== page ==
Pasture Passion…It’s Not What You’d Expect


I finished herding the last few chickens into their coop, shutting the door and turning off their nightlight. Who knew chickens were so afraid of the dark? Rightly so with all the predators out there! I left the coop to check on my flerd of cattle and sheep and locate Abel as he made his run around the pasture. Before I had time to give Fawn a chin scratch, thick thuds erupted from within the flerd.

It’s an unmistakable sound. I knew even without seeing it that it was the sound of two hard headed sheep having a ramming match. This was a new development though. I found Cindy and Larry squaring up. Ears back, chins down. Another thud. Cindy backed up to hit him again, but suddenly Cork joined the fight! Hitting Larry from off to the right, Cork made a soft hit, Larry defending his space. Larry backed off and attempted to find cover from this unfair fight. Cindy gave him a moment, but Cork wanted his turn.

Cork got in another ramming and backed up to go again. The rest of the sheep were watching idly while the cattle ignored all of the scuffling happening nearby. It seemed that the more violent the three of them became, the closer the group huddled together. Cork was about to make another run towards Larry when Yin gently stepped forward in front of him. She rubbed her face against his and pawed at the air. It seemed she had decided Cork should leave this fight to the Matriarch, Cindy. Cork gave in to her request, but rested his head on her back and stared at Larry.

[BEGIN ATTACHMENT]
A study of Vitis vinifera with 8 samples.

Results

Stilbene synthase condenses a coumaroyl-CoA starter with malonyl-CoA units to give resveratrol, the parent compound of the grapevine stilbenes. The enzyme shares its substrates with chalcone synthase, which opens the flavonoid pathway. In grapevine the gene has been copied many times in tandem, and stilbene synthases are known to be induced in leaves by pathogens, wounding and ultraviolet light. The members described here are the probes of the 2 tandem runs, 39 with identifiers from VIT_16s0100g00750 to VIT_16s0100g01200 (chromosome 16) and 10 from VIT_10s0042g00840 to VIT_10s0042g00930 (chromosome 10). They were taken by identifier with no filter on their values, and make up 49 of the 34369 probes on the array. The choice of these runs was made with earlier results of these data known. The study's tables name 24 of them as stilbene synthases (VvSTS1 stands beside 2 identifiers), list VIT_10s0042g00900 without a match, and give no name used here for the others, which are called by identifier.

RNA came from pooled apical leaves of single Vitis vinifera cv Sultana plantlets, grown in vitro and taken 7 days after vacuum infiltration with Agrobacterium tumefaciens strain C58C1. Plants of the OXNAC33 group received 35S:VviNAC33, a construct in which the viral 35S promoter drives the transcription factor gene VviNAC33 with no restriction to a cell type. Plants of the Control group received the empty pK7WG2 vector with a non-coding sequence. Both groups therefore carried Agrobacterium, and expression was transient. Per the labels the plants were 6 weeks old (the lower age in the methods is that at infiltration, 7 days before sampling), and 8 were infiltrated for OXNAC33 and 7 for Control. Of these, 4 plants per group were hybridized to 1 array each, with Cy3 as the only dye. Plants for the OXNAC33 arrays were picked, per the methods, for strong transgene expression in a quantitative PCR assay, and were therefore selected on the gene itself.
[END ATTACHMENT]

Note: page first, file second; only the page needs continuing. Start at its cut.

Cindy had given Larry enough of a reprieve and forced him to square up again. Again and again they went head to head, blow after blow. For a little guy, half Cindy’s weight, he sure could hold his own! This was the little scrappy fella who had picked a fight with Sam the Ram though too, so he wasn’t exactly a stranger to unfair fights! And Sam was a good three times his size, four times when he was packing the summer weight.

I watched Cindy and Larry continue to square up while the sheep appeared to grow bored with the two of them. I glanced over at Fawn who was getting awfully close to one of the young ewes, Cindy’s spring lamb, Greta. I lifted an eyebrow with interest and waited. Sure enough, Fawn leaped on Freya’s back, alarming Greta to the point that she galloped away. Fawn fell away and acted like nothing had happened.

With that final hurrah, I decided I’d watched enough of this circus for one night and called Abel to leave. Abel, always excited to move onto the next fun activity, came tearing across the pasture, completely oblivious to the chaos that the fall breeding season had brought into the pasture.